The New York State Department of Environmental Conservation (NYSDEC) recently issued an Advanced Notice of Proposed Rule Making (ANPR) seeking written input on the development of updated Freshwater Mapping and Classification regulations.
Consistent with initiatives established within New York’s 2022-2023 budget to address wetland conservation, the New York State Legislature enacted amendments to the Freshwater Wetlands Act (FWA) in April 2022. These amendments made three changes to the Act which are highlighted in the ANPR.
First, pursuant to the FWA, after Jan. 1, 2025, NYSDEC will rely primarily on aerial imagery and available remote data to determine jurisdiction over freshwater wetlands as opposed to relying on existing maps depicting these wetlands. Secondly, beginning on Jan. 1, 2025, new criteria will be established to identify smaller wetlands of “unusual importance” to be regulated by NYSDEC. And lastly, starting in 2028, the default threshold for regulated wetlands will decrease from 12.4 acres to 7.4 acres.
As a result of these changes to the FWA, the corresponding Freshwater Mapping and Classification regulations need to be amended. The ANPR is organized into sections corresponding to the specific areas where NYSDEC is seeking input. NYSDEC initially identifies several factors for consideration to determine which wetlands should constitute wetlands of “unusual importance.” These factors include propensity for flooding, preservation of wildlife and plant communities and considerations of local and regional significance.
To determine the potential for significant flooding, NYSDEC suggests establishing the use of a 12-digit Hydrologic Unit Code (HUC) to identify wetlands meeting three criteria: (1) It has 2% or more impervious surface based on recent land cover data; (2) less than 5% of its surface area is comprised of floodwater storage zones in the form of lakes, ponds, reservoirs or wetlands, based on recent land cover data; and (3) it is located within 4 kilometers (2.48 miles) of an Urban Area, as defined and identified by the United States Census Bureau.
NYSDEC is also considering establishing criteria for freshwater wetlands containing a habitat for the essential behavior of an endangered or threatened species, a species of special concern, or a species of greatest conservation need identified in New York’s Wildlife Action Plan. NYSDEC has also proposed regional criteria to identify vernal pools based upon the presence of certain amphibian species within each region.
To designate wetlands of local or regional significance, NYSDEC is considering using the location of a wetland either within a Critical Environmental area or partially within the Adirondack Park as criteria. Further, NYSDEC is proposing new criteria to identify Class I Wetlands.
If a wetland has any of the following characteristics, it would qualify as a Class I Wetland under NYSDEC’s proposal: (1) the wetland area provides habitat for an essential behavior of an endangered or threatened animal species, or it contains an endangered or threatened plant species, or it contains a wetland plant community identified as critically imperiled; (2) it falls within, or is contiguous to, a designated Significant Coastal Fish & Wildlife Habitat area; (3) it is a tidally influenced wetland not regulated by NYSDEC; (4) it is contiguous to a tidally influenced wetland that is regulated by NYSDEC; (5) it is nutrient poor; (6) it is located in an area designated as a floodway; and/or (7) it is continuous to certain fresh surface waters.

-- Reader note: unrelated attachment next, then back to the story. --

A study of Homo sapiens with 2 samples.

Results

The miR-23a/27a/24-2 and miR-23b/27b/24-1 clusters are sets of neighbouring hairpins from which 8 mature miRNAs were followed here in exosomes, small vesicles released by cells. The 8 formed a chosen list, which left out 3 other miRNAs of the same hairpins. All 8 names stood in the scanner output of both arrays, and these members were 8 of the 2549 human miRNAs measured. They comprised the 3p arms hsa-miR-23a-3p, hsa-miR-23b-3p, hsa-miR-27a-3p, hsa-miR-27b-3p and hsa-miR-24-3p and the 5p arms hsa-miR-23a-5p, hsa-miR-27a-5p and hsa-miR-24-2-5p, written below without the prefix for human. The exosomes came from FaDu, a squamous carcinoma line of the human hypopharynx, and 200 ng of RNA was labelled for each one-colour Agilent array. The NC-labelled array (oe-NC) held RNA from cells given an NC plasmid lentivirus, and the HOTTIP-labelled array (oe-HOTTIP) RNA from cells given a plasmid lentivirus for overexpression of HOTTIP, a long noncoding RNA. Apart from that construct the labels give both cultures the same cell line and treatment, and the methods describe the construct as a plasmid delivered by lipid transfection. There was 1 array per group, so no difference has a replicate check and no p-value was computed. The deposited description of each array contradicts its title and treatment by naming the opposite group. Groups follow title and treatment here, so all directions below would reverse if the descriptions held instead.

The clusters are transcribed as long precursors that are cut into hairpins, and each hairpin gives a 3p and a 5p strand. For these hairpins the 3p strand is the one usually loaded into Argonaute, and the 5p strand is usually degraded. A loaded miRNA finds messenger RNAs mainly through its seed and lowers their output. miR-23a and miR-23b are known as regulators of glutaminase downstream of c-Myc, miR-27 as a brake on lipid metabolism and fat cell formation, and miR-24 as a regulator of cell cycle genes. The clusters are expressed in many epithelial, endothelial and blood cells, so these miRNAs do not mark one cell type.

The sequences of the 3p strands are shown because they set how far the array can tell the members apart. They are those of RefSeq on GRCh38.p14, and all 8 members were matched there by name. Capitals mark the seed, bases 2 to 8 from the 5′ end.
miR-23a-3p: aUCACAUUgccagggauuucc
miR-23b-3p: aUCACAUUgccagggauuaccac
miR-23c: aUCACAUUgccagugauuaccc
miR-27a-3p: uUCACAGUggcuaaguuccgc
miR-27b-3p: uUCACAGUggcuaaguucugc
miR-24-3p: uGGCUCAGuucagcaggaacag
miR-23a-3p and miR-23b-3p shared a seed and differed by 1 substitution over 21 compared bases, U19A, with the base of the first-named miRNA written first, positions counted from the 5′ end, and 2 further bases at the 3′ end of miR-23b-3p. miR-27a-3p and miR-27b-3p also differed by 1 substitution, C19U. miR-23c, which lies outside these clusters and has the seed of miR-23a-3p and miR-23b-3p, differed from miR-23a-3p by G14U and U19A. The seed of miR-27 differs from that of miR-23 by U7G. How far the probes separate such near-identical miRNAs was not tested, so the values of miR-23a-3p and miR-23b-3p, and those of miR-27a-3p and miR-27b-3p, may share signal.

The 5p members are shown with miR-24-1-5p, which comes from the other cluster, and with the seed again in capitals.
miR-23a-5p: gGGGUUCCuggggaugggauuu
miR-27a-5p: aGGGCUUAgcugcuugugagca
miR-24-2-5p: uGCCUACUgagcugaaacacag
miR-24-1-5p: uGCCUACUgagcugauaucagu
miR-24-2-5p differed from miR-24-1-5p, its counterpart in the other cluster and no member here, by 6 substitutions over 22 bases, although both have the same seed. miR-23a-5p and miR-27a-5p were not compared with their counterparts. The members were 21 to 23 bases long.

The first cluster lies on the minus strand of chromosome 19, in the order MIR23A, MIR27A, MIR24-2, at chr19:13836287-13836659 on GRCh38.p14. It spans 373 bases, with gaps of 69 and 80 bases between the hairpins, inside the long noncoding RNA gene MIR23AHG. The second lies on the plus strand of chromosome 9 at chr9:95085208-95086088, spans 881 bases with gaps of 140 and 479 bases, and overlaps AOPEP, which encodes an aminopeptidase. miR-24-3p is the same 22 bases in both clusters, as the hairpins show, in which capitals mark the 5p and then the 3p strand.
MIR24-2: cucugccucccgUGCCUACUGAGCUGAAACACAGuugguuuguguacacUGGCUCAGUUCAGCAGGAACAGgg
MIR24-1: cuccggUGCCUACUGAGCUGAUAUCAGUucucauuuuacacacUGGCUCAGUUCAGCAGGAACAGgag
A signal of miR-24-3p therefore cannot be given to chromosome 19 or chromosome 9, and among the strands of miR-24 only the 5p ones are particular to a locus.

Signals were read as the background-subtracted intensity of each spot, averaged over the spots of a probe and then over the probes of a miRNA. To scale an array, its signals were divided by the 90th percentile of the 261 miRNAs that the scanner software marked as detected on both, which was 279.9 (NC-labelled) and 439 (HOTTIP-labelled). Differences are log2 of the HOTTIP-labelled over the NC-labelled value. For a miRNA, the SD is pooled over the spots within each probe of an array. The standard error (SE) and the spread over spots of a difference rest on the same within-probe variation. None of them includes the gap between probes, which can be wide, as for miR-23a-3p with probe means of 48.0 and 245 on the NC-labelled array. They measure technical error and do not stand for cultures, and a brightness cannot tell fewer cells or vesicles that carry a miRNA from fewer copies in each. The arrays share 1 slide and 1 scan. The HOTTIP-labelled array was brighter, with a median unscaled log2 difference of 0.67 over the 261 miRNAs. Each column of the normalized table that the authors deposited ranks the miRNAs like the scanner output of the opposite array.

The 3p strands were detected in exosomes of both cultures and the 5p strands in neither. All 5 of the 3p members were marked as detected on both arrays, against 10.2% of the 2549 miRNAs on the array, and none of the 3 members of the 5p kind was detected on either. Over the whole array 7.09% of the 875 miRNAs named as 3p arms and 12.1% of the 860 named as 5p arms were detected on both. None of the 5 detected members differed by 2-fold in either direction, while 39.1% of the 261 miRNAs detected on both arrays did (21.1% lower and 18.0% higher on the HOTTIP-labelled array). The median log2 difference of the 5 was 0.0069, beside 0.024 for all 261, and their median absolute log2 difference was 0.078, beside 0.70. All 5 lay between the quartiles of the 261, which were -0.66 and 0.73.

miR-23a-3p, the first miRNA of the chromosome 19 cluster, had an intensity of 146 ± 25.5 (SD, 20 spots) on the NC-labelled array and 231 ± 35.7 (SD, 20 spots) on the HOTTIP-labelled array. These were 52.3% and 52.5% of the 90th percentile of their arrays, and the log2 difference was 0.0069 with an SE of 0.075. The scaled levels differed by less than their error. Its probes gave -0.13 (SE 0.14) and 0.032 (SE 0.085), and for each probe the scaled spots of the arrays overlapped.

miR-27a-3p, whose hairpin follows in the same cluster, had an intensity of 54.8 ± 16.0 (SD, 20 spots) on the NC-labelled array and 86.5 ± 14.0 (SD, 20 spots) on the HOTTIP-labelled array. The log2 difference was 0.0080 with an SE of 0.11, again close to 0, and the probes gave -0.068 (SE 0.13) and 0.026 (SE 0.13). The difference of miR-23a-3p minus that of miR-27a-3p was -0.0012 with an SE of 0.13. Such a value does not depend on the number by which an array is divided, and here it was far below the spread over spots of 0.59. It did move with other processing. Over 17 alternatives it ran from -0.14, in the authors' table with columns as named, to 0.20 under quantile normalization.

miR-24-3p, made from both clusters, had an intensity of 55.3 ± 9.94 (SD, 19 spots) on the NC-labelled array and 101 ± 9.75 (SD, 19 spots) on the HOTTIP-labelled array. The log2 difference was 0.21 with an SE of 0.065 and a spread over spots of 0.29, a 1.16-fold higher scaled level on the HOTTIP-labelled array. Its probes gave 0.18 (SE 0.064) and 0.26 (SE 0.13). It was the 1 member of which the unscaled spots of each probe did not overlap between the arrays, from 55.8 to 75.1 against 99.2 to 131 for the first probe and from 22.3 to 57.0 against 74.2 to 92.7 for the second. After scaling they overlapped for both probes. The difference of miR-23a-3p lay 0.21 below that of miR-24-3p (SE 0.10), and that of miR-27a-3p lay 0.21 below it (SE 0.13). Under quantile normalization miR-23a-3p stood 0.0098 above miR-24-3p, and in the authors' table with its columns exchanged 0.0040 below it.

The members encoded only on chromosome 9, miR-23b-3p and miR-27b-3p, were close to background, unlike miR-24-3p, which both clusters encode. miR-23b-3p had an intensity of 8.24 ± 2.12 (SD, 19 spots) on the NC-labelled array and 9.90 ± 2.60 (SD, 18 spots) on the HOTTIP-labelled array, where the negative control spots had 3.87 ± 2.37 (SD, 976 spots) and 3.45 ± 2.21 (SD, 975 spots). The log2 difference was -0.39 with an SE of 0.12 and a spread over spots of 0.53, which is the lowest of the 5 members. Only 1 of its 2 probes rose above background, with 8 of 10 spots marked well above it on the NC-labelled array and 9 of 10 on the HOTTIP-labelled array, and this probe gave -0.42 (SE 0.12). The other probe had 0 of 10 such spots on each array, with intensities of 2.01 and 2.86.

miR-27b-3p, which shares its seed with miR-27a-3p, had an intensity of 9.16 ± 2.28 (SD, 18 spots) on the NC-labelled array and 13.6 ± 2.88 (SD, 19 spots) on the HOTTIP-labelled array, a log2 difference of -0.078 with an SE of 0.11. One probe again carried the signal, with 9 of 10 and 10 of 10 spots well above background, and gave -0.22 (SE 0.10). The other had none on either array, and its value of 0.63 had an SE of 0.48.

Additionally, NYSDEC is considering extending the adjacent area of “Nutrient Poor Wetlands” to 300 feet and lists several types of wetland plant communities within the proposed definition of Nutrient Poor Wetlands.
Proposed Procedures for Jurisdictional Determinations of Wetlands
The ANPR also outlines the proposed procedure for the NYSDEC to provide jurisdictional determinations for freshwater wetlands and for recipients of a positive jurisdictional determination to seek review of the determination. NYSDEC’s proposed procedures allow 90 days for NYSDEC to make a jurisdictional determination, with an allowance for extensions, if needed, due to weather or ground conditions. The ANPR also provides that a negative jurisdictional determination is valid for five years.
With respect to a property owner’s receipt of a positive determination after Jan. 1, 2025, the proposed appeal process requires the property owner to have an initial consultation with NYSDEC and provide a verified delineation or request a delineation from NYSDEC, of the wetlands identified in the jurisdictional determination. Within 120 days of the initial consultation, the property owner could then appeal by submitting an appeal application available on NYSDEC’s website. NYSDEC would then have 60 days to issue a decision, with the ability to extend the deadline by 30 days if a visit to the property is necessary.
NYSDEC is receiving written comments on the ANPR until the close of business February 17, 2024. Comments may be submitted by email to WetlandRegulatoryComments@dec.ny.gov (subject: “ANPR Freshwater Wetlands Protection”), or by mail sent to Bureau of Ecosystem Health, Freshwater Wetlands Unit, New York State Department of Environmental Conservation, 625 Broadway, Albany, NY 12233-4756.
Our Environmental Practice Group is closely watching this issue. If you have questions about this or related matters, please contact attorney Frank C. Pavia at 585-419-8709 and email@example.com; attorney Amelia McLean-Robertson at (315) 214-2028 and firstname.lastname@example.org; attorney Gene J. Kelly at (518) 701-2740 and email@example.com, or the Harris Beach attorney with whom you most frequently work.
This alert is not a substitute for advice of counsel on specific legal issues.